Supply Chain Cyber Risk: Your Digital Shadow is Getting Longer

Many of the most high-profile breaches have been a result of weak links in an organization’s supply chain. The cyber attacks on Target, Home Depot and the U.S. Office of Personnel Management (OPM) are just a few examples.

Many of the most high-profile breaches have been a result of weak links in an organization’s supply chain. The cyber attacks on Target, Home Depot and the U.S. Office of Personnel Management (OPM) are just a few examples.

In an era when organizations are sharing increasing volumes of digital information with suppliers and providing them access to their networks, this shouldn’t come as a surprise. Sophisticated adversaries are finding vulnerabilities wherever they can, and often that means looking to an organization’s partners for weaknesses in defenses. Using the partner as a ‘stepping stone,’ they gain access to their ultimate target.

No industry is safe from supply chain cyber risk. In its annual study of manufacturers, accounting and consulting organization BDO USA, found for the first time that cyber risk ranks among respondents’ top 10 risk factors. It’s also a concern in the maritime industry. In an effort to reduce risk to any organization that has an ocean cargo aspect to their supply chain, the new Intelligence Authorization Act of 2017 includes legislation to address cybersecurity at the 360 U.S. commercial seaports.

We all know that traditional defenses that focus on protecting the perimeter are no longer sufficient. Attackers are identifying new vulnerabilities by actively surveying your organization’s digital shadow, a subset of your digital footprint that consists of exposed personal, technical or organizational information that is often highly confidential, sensitive or proprietary. And as your supply chain gets longer so does your digital shadow, affording cyber criminals more opportunities to steal valuable data and launch devastating cyber attacks.

Cyber Supply Chain RisksOrganizations need a proactive approach to defend against targeted attacks by engaging in supply chain security and through greater cyber situational awareness.

SANS defines supply chain security as “a program that focuses on the potential risks associated with an organization’s suppliers of goods and services, many of which may have extensive access to resources and assets within the enterprise environment or to an organization’s customer environments, some of which may be sensitive in nature.” This begins with involving supply chain managers in cybersecurity, working with IT and security practitioners to identify which areas of their supply chain may be vulnerable to cyberattacks, and together establishing guidelines and controls for suppliers. Supply chain managers must then collaborate with their suppliers to help ensure they are following best practices in cybersecurity. And all of this must be done without disrupting supply chain operations.

Cyber situational awareness complements these efforts by providing organizations with an attacker’s eye view into information about themselves that is available online. It then alerts you to potential threats, instances of sensitive data loss, or compromised brand integrity. Using that information you can prevent, detect and contain cyber-related incidents.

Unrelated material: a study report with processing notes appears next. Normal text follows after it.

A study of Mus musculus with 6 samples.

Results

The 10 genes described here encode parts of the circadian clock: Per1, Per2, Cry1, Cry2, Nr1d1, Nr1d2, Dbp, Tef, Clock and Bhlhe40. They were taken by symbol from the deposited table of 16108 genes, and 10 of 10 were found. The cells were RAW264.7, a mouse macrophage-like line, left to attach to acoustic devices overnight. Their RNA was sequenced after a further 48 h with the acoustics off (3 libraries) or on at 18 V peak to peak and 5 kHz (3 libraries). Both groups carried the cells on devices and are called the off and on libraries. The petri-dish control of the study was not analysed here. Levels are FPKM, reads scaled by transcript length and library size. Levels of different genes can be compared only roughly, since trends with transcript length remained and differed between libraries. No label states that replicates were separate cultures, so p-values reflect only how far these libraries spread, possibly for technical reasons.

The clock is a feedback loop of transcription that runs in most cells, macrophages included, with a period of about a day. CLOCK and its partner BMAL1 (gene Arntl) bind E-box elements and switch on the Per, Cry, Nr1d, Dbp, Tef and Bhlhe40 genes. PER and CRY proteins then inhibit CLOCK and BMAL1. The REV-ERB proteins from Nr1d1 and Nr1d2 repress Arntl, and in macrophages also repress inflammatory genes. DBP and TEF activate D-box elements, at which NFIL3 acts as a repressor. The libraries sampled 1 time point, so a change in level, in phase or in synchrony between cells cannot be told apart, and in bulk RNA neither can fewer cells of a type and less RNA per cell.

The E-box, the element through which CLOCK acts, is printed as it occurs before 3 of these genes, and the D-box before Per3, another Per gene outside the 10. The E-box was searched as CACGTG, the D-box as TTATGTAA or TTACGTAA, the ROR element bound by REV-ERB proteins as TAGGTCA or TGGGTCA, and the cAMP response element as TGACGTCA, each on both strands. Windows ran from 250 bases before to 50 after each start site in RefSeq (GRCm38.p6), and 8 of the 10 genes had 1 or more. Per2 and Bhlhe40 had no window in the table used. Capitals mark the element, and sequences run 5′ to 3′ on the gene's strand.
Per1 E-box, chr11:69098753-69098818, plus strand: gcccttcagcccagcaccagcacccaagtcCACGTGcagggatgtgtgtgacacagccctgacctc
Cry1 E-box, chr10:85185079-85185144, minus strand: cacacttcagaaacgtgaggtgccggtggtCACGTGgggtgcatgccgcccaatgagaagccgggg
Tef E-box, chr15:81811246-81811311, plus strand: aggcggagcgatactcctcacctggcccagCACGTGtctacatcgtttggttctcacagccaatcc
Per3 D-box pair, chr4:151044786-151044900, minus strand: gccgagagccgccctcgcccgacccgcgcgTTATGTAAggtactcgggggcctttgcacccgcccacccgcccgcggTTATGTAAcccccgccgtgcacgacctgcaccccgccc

Information is gathered by examining millions of social sites, cloud-based file sharing sites and other points of compromise across a multi-lingual, global environment spanning the visible, dark and deep web.

Cyber situational awareness provides relevant and contextual insight based on data that is company specific and pertains to the industry, company size and geography. Specific to supply chain security, this may even include information about key partners that bad actors could use to infiltrate an organization’s network. Cyber situational awareness also analyzes and provides information on which malicious actors might be targeting an organization, why and their methods of attack. This can be used to identify attackers that rely on tactics, techniques and procedures (TTPs) that involve supply chain partners.

There are numerous examples of cyber attacks that stem from weaknesses in a supplier’s defenses. The Brisbane City Council in Australia reportedly suffered a $450,000 AUD loss due to a successful business email compromise attempt. Attackers reportedly posed as a supplier to the council via “legitimate-looking” emails and phone calls, and requested that payment details be changed, causing funds to be transferred to an attacker-controlled bank account. Awareness of these tactics can inform security efforts to train and educate employees.

Exploit kit developers are constantly looking to incorporate new exploits for the latest vulnerabilities in software like Flash, Java and Oracle. Many organizations use this software, so gaining awareness of the most commonly exploited vulnerabilities helps to prioritize patching procedures.

Clearly cyber situational awareness plays a critical role in helping organizations to understand what they need to do right now to stop attacks and mitigate supply chain risk. However, it can also be used strategically, to strengthen supply chain security by helping organizations to understand how to make the right investments for more effective defenses as their digital shadows get longer.